Fake accounts linked to Catalan separatists among thousands removed by Twitter

Fake accounts linked to Catalan separatists among thousands removed by Twitter
By Rachael Kennedy


Twitter has announced that it has removed thousands of accounts in its latest purge of bad actors on the site and released information relating to state-backed content.

A Catalonian pro-independence party, Iran's government and a commercial entity in Venezuela have all been connected to "coordinated manipulation" on Twitter that breaks the social platform's rules.

Russia's notorious Internet Research Agency (IRA) also gets a mention, albeit briefly, which Twitter attributes to "increased information sharing between industry peers and law enforcement".

Thursday's report follows on from Twitter's mass release in October of content associated with "potential information operations" since 2016.

The IRA featured heavily in the October report, with Twitter releasing details of 3,841 accounts traced back to the Kremlin-linked troll farm.

But the most recent report ties the IRA to just four accounts, which have since been removed from the platform.

Euronews has read through the rest of Twitter's recent report and has broken it down for you below.


Previous reports from cybersecurity company FireEye and Twitter have revealed Iranian-linked accounts taking part in inauthentic behaviour, but both companies distanced themselves from blaming the state.

In Thursday's report, however, Twitter said it had identified 4,779 accounts that were all "associated with — or directly backed by — the Iranian government".

Twitter then broke the activity down into three subsets — 1,666 accounts tweeted news content promoting Iran's diplomatic and geostrategic views, 248 accounts directly engaged in conversation on Israel, and a further 2,865 accounts took on fake personas and tweeted about politics and social issues in Iran and around the world.

The latter example was the subject of a thread posted last month by Yoel Roth, Twitter's head of site integrity, who said the accounts had replied to users, including politicians and journalists.

He added: "Several of the accounts falsely represented themselves as media based in the United States and claimed affiliation without outlets like the New York Daily News, Newsday and the Seattle Times."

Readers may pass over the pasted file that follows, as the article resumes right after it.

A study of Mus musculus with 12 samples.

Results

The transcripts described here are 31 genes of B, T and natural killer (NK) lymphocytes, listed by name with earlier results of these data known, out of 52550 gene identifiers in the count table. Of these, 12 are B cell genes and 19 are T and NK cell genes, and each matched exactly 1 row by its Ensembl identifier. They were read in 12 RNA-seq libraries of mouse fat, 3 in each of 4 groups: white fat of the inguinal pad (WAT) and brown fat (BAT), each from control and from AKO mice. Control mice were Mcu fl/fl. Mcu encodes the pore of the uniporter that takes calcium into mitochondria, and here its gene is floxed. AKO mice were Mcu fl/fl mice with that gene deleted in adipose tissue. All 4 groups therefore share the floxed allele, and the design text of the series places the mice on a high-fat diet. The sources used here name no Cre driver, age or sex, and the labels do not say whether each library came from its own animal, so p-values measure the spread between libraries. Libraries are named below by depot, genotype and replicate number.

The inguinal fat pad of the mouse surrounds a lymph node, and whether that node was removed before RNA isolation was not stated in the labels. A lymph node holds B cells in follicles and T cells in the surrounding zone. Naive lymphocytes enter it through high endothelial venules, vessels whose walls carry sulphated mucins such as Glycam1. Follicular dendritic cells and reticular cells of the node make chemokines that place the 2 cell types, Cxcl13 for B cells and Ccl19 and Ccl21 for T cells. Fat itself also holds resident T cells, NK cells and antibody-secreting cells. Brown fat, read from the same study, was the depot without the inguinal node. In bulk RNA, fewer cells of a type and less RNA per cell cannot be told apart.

Twitter says it has removed 130 suspected fake accounts "directly associated" to the Republican Left of Catalonia (ERC), a prominent party in the Catalan independence movement. One of these accounts alone had more than 13,000 followers.

The pro-independence ERC won a record number of 15 seats in Spain's parliament following elections in April, which marked the first time since the 1930s that it garnered the most support out of all Catalan parties.

Its leader, Oriol Junqueras, is the former vice-president of Catalonia, and has been in jail since 2017 over the region's failed declaration of independence.

His trial in Madrid ended this week after four months — he could face a 25-year jail sentence if convicted.

The 50-year-old was also elected to European Parliament in last month's election.

Oriol Junqueras in parliament last month

According to Twitter's report, the ERC-linked accounts were found to be fake profiles spreading content about the banned 2017 Catalan referendum.


They had been "created with the intent to inorganically influence the conversation in politically advantageous ways," the report said.

This is not the first instance of influencing campaigns uncovered in Catalonia.

Spain's El Pais newspaper released an investigation in 2017 that said the IRA had "used the Catalan crisis as a way to deepen divisions within Europe".

The ERC has not yet responded to Euronews' request for comment on the report from Twitter.


In January, Twitter said it had removed 1,196 accounts it believed was part of a government-backed campaign targeting Venezuelan audiences, and a further 764 accounts it believed were linked to the IRA.


But in Thursday's report, the social network said it had uncovered a further 33 accounts (on top of the 764 from January), in a campaign that it now believed originated from inside Venezuela itself.

It said: "While there were initial indications that these accounts were associated with the Russian Internet Research Agency, our further analysis suggests that they were operated by a commercial entity originating in Venezuela."

"We are sharing further data on this group to update the public on our attribution efforts."

What is Twitter's response?

The social platform said it believes such activity from government-linked actors, who are "knowingly trying to manipulate and distort the public conversation", is in the public interest, and should, therefore, be published.

"People and organisations with the advantages of institutional power and which consciously abuse our service are not advancing healthy discourse but are actively working to undermine it," the company added.